Since 2002 Perimeter Institute has been recording seminars, conference talks, and public outreach events using video cameras installed in our lecture theatres. Perimeter now has 7 formal presentation spaces for its many scientific conferences, seminars, workshops and educational outreach activities, all with advanced audio-visual technical capabilities. Recordings of events in these areas are all available On-Demand from this Video Library and on Perimeter Institute Recorded Seminar Archive (PIRSA). PIRSA is a permanent, free, searchable, and citable archive of recorded seminars from relevant bodies in physics. This resource has been partially modelled after Cornell University's arXiv.org.
I will discuss a new duality between strongly coupled and weakly coupled condensed matter systems. It can be obtained by combining the gauge-gravity duality with analog gravity. In my talk I will explain how one arrives at the new duality, what it can be good for, and what questions this finding raises.
It has been recently established that a magnetized relativistic plasma yields an interesting example of a Weyl metal. I discuss the properties of magnetized relativistic plasma and its possible role in some astrophysics phenomena.
Our search for new materials of (hopeful) relevance to materials physics is wide ranging. One of our primary interests is in finding new geometrically frustrated magnets and working on their structure-property relations. In this context in recent years we have found and grown crystals of a new class of pyrochlore magnets based on fluorine instead of oxygen. This chemical difference allows pyrochlores to be made with magnetic transition metals on the “B sites”, and non-magnetic ions on the A sites, which results in stronger magnetic coupling than is seen in the rare earth pyrochlores.
Double perovskites, a class of oxide materials with 3d and 5d transition metal ions, can realize a wide variety of interesting phases. Here we focus on our recent theoretical work suggesting the appearance of Chern insulators, and possible emergent nematic phases at Chern transitions in such systems. We will also discuss Mott insulating double perovskites with iridium moments which appear to host unusual magnetic interactions on the 3-dimensional fcc lattice, and present comparisons with experimental data.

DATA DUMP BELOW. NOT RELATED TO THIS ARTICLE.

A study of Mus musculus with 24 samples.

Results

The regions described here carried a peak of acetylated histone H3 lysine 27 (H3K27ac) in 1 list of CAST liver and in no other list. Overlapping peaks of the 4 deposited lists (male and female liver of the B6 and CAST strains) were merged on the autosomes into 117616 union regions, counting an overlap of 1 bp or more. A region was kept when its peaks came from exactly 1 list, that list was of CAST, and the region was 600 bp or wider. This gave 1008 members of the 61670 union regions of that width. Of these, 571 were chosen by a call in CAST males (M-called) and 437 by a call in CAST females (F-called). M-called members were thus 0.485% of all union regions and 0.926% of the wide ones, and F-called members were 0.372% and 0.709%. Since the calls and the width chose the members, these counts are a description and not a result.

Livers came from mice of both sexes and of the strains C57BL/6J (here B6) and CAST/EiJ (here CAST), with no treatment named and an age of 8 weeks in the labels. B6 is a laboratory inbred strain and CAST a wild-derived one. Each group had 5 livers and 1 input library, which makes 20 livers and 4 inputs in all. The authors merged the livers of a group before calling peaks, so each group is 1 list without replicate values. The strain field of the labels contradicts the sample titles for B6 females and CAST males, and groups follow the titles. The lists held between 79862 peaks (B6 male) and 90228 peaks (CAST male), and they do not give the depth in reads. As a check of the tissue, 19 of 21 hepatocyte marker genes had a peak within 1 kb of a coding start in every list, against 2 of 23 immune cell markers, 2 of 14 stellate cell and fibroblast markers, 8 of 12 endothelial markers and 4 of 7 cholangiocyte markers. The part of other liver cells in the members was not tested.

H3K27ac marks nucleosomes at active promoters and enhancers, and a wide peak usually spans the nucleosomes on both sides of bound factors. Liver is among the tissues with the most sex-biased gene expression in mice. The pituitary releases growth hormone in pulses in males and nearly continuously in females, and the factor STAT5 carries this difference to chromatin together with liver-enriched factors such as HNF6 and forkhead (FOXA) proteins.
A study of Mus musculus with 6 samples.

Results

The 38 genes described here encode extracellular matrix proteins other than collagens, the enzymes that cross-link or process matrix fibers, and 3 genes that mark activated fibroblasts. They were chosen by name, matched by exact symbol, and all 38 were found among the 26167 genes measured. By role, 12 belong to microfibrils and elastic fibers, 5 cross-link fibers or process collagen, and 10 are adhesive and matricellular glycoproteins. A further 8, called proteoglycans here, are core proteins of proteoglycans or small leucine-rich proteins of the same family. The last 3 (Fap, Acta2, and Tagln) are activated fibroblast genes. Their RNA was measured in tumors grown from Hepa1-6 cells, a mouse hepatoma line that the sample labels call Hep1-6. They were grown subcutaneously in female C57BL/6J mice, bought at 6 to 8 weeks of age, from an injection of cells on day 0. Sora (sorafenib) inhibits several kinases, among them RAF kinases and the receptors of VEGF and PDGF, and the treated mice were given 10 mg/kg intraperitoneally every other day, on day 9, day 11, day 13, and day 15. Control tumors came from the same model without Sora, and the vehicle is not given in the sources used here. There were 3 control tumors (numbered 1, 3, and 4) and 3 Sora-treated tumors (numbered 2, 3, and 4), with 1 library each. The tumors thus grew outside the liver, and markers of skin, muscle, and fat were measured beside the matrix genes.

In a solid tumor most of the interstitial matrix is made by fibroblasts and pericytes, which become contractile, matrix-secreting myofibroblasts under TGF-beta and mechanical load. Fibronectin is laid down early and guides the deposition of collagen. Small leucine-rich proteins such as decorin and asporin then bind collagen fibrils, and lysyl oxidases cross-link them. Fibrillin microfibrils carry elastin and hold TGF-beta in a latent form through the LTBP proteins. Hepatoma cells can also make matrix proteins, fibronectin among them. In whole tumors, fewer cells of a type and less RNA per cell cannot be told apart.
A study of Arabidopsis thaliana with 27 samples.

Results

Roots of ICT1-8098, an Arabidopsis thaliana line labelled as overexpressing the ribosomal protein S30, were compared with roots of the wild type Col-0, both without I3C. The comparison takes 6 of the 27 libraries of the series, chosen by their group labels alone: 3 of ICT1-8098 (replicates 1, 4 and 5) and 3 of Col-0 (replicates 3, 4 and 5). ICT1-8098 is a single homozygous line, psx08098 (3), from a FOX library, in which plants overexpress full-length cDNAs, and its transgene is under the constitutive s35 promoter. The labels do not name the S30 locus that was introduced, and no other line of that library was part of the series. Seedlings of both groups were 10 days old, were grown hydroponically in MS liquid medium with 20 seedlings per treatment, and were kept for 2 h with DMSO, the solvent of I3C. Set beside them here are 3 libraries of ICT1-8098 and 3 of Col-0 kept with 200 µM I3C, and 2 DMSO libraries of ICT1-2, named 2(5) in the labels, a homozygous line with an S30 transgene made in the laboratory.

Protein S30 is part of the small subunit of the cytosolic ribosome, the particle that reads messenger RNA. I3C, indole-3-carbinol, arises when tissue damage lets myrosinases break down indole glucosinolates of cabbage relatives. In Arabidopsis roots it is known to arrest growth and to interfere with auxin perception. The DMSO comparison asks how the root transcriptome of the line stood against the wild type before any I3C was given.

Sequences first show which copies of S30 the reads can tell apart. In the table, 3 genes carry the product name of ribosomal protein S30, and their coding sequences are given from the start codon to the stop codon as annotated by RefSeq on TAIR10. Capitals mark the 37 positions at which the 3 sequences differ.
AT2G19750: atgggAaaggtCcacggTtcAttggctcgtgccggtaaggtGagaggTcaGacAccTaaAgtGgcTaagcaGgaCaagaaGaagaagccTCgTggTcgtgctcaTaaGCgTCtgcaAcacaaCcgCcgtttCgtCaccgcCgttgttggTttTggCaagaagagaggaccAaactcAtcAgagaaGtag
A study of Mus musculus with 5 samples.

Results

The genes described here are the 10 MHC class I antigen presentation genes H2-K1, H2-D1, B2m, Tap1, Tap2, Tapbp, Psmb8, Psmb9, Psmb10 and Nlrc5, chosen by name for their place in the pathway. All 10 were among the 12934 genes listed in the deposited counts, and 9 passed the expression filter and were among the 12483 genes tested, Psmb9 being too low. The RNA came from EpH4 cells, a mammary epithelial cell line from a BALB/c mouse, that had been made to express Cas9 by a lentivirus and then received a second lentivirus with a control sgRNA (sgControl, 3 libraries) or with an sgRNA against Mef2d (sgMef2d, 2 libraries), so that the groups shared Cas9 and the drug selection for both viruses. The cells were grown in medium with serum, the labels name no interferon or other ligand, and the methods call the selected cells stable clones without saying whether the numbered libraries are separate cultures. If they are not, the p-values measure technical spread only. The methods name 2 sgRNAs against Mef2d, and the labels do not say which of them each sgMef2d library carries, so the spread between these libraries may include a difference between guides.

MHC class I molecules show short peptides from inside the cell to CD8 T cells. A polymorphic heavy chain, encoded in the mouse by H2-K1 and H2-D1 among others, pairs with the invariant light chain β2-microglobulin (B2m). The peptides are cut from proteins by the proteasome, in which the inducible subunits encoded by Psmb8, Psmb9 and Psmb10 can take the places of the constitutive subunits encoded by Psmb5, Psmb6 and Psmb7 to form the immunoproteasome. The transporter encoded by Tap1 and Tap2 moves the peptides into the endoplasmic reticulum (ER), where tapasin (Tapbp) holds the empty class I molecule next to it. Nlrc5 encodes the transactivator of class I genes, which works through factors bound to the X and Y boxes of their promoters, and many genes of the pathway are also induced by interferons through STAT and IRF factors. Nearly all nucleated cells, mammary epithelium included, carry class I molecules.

Muon spin rotation/relaxation is a powerful technique for studying unconventional superconductors, whose order parameter doesn't have the same symmetry as its host material's crystal structure. I will describe our work on Sr2RuO4, UPt3, CuxBi2Se3 and other topical systems, some of which exhibit broken time reversal symmetry in their superconducting states.
A series of fundamental discoveries over the past thirty years has dramatically improved our ability to read, write, and process magnetically stored information. I will briefly review some of these advances before focusing on the recently discovered and particularly promising spin-orbit torques which act on the collective spin of thin film magnetic conductors when they are placed on a substrate with strong spin-orbit interactions. Spin-orbit torques are normally interpreted in terms of the spin Hall effect, spin-current that flows perpendicular to charge current in any conductor.
The spatially-indirect exciton condensates (SIXC) is an interesting ordered electronic state in which coherence is spontaneously established between particles localized in separate two-dimensional layers. I will discuss some of the properties SIXCs, commenting on their counterflow superfluidity, their collective excitations, and on similarities and differences relative to superconductors, easy-plane ferromagnets and anti-ferromagnets, and the standard model of particle physics.
The standard theory of topological insulators and superfluids (or superconductors) assumes that the fermionic elementary excitations in these systems – electrons in the insulator and Bogoliubov quasiparticles in the superfluid – do not interact with one another. In this talk I will discuss extensions of this theory to include the effects of interparticle interactions on the topological surface states of 3D topological insulators and superfluids.
It is well known - to those who know it - that noise and randomness can enhance signal resolution. I'll present an easy-to-follow example from digital audio that illustrates the way in which adding noise ("dither") prior to measurement enhances the accuracy with which we are able to distinguish the features of the sound or image. I will then explore the way in which the environmental interactions prior to measurement ordinarily characterized as environment-induced decoherence may play a similar role.